SILVER LAKE, Ore. — Sam Dinsdale came to Central Oregon without a whole lot to his name or in his wallet.
That was back in 1974, when he was 25.
He was not scared of hard work and through the years he turned his efforts into a diversified agricultural business, Dinsdale Farm & Equipment LLC. The operation includes 3,000 acres of irrigated hay ground and pasture, 800 head of cows and plenty of equipment. In addition, the business has property near Grants Pass where there are more hay fields, pasture, grass sod and a winegrape vineyard.
“Work gives me purpose,” said Dinsdale, who is now 69. “And there is some satisfaction when things go well.”
Alice, Dinsdale’s wife, agrees that her husband is a hard worker, adding he has a knack for making decisions that eventually lead to positive results for his expanding business.
“He can look at something, figure the hay and cattle prices, and then decide whether he can pay for whatever change he is considering,” she said.
One of those changes was many years ago when he had some hay that wasn’t marketable. He decided the only way to get a financial return on that hay was to buy some cattle of his own and feed it to them. He’s had cattle ever since. The cows summer in Silver Lake and winter on the Grants Pass property.
“In years past, Sam was willing to take some calculated risks and most of the time they paid off for him,” said Scott Duffner, the farm manager for Dinsdale Farm.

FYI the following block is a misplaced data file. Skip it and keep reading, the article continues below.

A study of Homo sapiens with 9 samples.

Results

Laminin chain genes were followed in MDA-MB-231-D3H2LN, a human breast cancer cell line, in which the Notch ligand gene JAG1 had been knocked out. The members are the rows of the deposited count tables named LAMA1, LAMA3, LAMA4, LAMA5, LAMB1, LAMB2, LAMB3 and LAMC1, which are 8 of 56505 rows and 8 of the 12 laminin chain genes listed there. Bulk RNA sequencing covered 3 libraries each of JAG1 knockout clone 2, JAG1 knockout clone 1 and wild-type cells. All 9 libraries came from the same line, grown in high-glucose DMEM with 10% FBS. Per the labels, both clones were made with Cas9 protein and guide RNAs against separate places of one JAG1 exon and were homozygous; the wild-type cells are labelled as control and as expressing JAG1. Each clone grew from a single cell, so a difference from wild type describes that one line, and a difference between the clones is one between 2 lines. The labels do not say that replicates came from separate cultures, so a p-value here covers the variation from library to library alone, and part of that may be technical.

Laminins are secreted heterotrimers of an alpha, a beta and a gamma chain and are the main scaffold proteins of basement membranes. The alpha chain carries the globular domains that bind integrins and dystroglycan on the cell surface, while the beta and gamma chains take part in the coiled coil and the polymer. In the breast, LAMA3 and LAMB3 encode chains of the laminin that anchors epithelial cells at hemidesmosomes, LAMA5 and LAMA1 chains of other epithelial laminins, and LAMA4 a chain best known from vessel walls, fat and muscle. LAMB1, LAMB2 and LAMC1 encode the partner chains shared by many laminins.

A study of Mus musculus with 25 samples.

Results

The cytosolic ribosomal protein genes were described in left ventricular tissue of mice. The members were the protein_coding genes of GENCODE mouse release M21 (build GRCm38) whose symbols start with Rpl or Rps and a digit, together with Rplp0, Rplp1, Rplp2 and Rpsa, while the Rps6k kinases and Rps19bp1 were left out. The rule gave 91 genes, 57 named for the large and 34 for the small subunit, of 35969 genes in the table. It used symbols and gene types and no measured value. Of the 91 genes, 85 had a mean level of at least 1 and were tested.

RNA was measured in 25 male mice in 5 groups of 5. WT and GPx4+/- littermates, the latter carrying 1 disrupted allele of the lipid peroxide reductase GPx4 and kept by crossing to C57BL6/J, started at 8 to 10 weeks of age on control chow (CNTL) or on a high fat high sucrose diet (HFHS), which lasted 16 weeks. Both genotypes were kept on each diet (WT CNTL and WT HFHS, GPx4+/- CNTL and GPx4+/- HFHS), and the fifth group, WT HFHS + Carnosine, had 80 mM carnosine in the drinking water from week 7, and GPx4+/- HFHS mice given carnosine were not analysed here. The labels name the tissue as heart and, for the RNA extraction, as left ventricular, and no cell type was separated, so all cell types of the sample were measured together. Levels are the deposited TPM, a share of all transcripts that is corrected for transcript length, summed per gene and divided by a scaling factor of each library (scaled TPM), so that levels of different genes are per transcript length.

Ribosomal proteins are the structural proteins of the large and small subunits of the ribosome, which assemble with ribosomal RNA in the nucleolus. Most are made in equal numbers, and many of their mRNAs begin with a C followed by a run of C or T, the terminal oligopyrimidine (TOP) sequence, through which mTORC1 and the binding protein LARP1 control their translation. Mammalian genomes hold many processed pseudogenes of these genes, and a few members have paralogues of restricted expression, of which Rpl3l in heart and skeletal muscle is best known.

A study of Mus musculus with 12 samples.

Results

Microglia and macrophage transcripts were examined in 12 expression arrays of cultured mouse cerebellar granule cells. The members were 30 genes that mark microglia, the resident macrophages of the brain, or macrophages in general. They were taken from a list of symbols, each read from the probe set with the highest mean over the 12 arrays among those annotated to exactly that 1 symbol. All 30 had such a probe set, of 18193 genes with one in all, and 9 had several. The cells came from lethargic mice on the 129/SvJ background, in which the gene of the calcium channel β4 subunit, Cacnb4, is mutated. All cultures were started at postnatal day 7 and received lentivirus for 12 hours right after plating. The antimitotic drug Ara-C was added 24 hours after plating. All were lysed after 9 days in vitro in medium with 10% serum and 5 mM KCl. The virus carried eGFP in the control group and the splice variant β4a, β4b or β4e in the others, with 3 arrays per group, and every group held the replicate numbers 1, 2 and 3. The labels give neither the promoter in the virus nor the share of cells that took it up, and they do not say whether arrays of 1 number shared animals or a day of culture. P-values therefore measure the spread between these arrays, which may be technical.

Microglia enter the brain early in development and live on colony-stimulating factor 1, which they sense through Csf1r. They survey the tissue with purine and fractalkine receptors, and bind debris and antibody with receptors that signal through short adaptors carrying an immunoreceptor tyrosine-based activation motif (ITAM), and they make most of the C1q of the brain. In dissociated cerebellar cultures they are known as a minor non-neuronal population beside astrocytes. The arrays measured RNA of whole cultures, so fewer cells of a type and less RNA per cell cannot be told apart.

Dinsdale was raised on his family’s dairy in Cornelius, Ore. He and his younger brother, James, came to Central Oregon looking for “affordable land.” Their first purchase was 515 acres of what was abandoned alfalfa ground.
“It was relatively cheap land,” Dinsdale said, explaining that 160 of the acres were dryland with sand dunes that needed a lot of work.
Sam and James were able to file for and secure water rights for that acreage for “a minimal fee.” They worked hard and turned all of their acreage back into productive hay fields.
In the early 1980s, the brothers had a mutual parting. Sam stayed in agriculture and James went into the construction business.
Through the years, Sam added properties to his business, building it up to about 3,000 irrigated acres.
The acreage is at 10 locations, all within 20 miles of each other.
“My goal was to have 3,000 irrigated acres,” he said. “I don’t know why that was my goal, but it just seemed possible.”
Dinsdale bought property when other landowners wanted to retire or were leaving the ag industry.
Neighboring rancher Alan Parks has known Dinsdale for the past 37 years.
“He’s been able to successfully expand because he’s been more ambitious than the rest of us,” Parks said. “I would describe Sam as having a lot of smarts and a lot of stamina. He’s been blessed with ability and has never been afraid of a new challenge.”
Dinsdale Farm & Equipment has a major economic impact on the Silver Lake, Christmas Valley and Fort Rock area because during the summer hay season the company employs up to 45 people. The business is one of the largest hay operations in Oregon.
To help their industry improve, the Dinsdales have donated money to the Oregon Forage Research Endowment. Mylen Bohle, an Oregon State University forage agronomist for Central Oregon, said the couple has donated about $100,000 over the past 10 years.
“They’ve had the foresight to help with research in the hay industry,” Bohle said. “The university is greatly appreciative of what they have done for the endowment.
“I think everybody respects Sam for what he’s done over the years,” Bohle added.
Starting with abandoned hay ground, the Dinsdales have succeeded by turning those acres and many more into productive ground for both hay and cattle.